Bruguera tells the story of The Origins of Totalitarianism twice: in words, and in actions
Tania Bruguera’s failed re-enactment of Tatlin’s Whisper #6 in late December 2014 sparked worldwide outcry. It was also received with a fair amount of scepticism by some international and Cuban art circles. The artist’s attempt to re-stage her own performance was in the aftermath of the Obama–Castro deal to re-establish diplomatic relations between the US and Cuba. Two weeks after the historic handshake between the two presidents, Bruguera tried to set up an open microphone and a podium in Havana’s Plaza of the Revolution, to offer anyone passing by a minute to express whatever they wanted for the future of the country.
She had staged the same performance first in 2009, as part of the 10th Havana Biennial. But sadly, the 2014 spin-off was suspended in a rather drastic move by government officials. Bruguera was arrested as she made her way to the site, along with 12 others, and within the span of a few days the artist was detained and released three more times. To this day, her passport remains confiscated and she faces charges of ‘resistance and public disorder’. Regardless of the brutality of the repression, however, several media reports pointed out that Bruguera was idealistic to assume that she would be able to carry out her project in a country with restrictions on free speech. Coco Fusco, among other artists and critics, discussed the event (and the media reaction) as a naive gesture coming from one of the best-known contemporary Cuban artists.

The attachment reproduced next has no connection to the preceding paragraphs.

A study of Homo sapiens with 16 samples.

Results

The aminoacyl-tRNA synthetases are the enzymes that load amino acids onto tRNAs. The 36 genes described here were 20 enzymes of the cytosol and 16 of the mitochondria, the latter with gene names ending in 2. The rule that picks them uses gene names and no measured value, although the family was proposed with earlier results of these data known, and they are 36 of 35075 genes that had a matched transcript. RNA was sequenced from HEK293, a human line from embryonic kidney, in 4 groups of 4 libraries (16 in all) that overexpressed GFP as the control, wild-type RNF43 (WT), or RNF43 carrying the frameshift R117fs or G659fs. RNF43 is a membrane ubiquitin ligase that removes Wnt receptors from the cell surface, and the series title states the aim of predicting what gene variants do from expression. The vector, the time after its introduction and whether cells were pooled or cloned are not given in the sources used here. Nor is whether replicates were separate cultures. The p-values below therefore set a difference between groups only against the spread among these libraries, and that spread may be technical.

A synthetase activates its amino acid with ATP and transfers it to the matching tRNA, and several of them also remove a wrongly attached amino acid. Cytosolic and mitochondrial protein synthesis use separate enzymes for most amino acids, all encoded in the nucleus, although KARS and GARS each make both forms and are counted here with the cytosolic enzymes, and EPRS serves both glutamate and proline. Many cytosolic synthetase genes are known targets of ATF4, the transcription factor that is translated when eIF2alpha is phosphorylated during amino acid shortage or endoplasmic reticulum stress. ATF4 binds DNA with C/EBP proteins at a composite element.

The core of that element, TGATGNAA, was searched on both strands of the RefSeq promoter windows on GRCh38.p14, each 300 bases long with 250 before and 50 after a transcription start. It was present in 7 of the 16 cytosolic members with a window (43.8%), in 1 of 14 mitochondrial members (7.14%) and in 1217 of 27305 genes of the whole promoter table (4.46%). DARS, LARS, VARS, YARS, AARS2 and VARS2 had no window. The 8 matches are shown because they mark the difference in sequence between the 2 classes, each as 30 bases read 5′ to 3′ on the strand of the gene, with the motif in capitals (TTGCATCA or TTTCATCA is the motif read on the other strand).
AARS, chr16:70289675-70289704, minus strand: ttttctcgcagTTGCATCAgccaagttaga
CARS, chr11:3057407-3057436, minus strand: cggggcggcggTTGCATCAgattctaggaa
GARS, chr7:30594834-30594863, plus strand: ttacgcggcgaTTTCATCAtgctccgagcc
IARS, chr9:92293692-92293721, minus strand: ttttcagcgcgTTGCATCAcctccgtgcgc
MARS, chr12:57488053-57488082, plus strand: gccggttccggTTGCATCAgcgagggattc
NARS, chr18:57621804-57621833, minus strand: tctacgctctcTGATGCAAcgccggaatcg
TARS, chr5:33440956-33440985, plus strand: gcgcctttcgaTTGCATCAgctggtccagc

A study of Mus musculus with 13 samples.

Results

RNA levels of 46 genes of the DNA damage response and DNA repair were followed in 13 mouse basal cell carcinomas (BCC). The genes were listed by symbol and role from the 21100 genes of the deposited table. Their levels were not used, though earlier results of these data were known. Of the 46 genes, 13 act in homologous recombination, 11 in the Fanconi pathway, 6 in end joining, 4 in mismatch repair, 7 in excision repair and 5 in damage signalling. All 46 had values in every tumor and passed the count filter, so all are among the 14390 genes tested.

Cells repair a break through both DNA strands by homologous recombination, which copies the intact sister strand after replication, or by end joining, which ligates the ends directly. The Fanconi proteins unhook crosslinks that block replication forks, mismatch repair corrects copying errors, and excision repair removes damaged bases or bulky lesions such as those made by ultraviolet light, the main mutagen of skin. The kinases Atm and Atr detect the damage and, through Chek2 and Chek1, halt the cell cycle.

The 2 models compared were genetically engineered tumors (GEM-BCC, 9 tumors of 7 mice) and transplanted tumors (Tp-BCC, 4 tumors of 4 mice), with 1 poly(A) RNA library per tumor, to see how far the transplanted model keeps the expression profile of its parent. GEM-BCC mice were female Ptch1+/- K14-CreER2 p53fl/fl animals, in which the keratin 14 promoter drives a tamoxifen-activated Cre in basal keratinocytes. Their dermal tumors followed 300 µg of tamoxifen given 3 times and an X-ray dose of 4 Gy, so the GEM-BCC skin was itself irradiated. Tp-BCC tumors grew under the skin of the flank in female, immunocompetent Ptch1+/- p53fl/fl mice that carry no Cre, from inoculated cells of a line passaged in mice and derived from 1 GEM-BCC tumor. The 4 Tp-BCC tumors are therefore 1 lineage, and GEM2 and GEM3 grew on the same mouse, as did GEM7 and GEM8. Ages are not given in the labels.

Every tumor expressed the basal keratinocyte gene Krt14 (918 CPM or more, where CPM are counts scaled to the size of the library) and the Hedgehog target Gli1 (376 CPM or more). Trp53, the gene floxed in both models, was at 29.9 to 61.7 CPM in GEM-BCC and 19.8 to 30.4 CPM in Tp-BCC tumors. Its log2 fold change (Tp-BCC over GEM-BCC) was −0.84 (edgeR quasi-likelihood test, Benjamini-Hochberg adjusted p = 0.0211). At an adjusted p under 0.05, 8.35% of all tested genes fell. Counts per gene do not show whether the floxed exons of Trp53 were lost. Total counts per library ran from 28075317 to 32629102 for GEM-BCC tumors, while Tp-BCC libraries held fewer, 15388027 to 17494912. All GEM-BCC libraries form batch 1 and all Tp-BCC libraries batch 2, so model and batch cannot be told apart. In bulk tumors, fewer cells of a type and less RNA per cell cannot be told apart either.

Recently, to coincide with the opening of the 12th Havana Biennial, Bruguera launched a new project, the Hannah Arendt International Institute for Artivism – a 100-hour long collective reading of Arendt’s seminal book, The Origins of Totalitarism (1951). The reading took place from 20 May to 24 May on the ground floor of her family home in Old Havana, not without several mishaps. At one point it was temporarily suspended, when the local Public Works department began drilling across the street. The organisers and participants in the performance assumed the noise to be a deliberate disruption, as did some neighbours, who started complaining that the city was re-digging sections of the street that had been repaired already. On the Saturday, Bruguera visited the National Museum of Fine Arts for an exhibition opening that was part of the Biennial, and was denied entrance. On the Sunday, the final reading continued until shortly after 4pm, when Bruguera was led away by police, reportedly detained, before reappearing at home several hours later.
Taking these events in consideration, can anyone really continue to portray Bruguera’s acts as naive? The harassment that Bruguera suffered during her second performance was as foreseeable as the first. Only this time, the setback should be clearly understood as an accurate mirror of the topic of Arendt’s book. With the public reading of The Origins of Totalitarism, Bruguera revealed the mechanisms of the totalitarian state twice over: through words, but also, ultimately, in action. Thus, we must consider the harsh reaction of the state not as something that inhibits the performance but, in this case, completes it. One could say that censorship has been appropriated by the artist, transforming her latest performances from ‘re-enactments’ of old works into straight enactments of Cuban State oppression itself.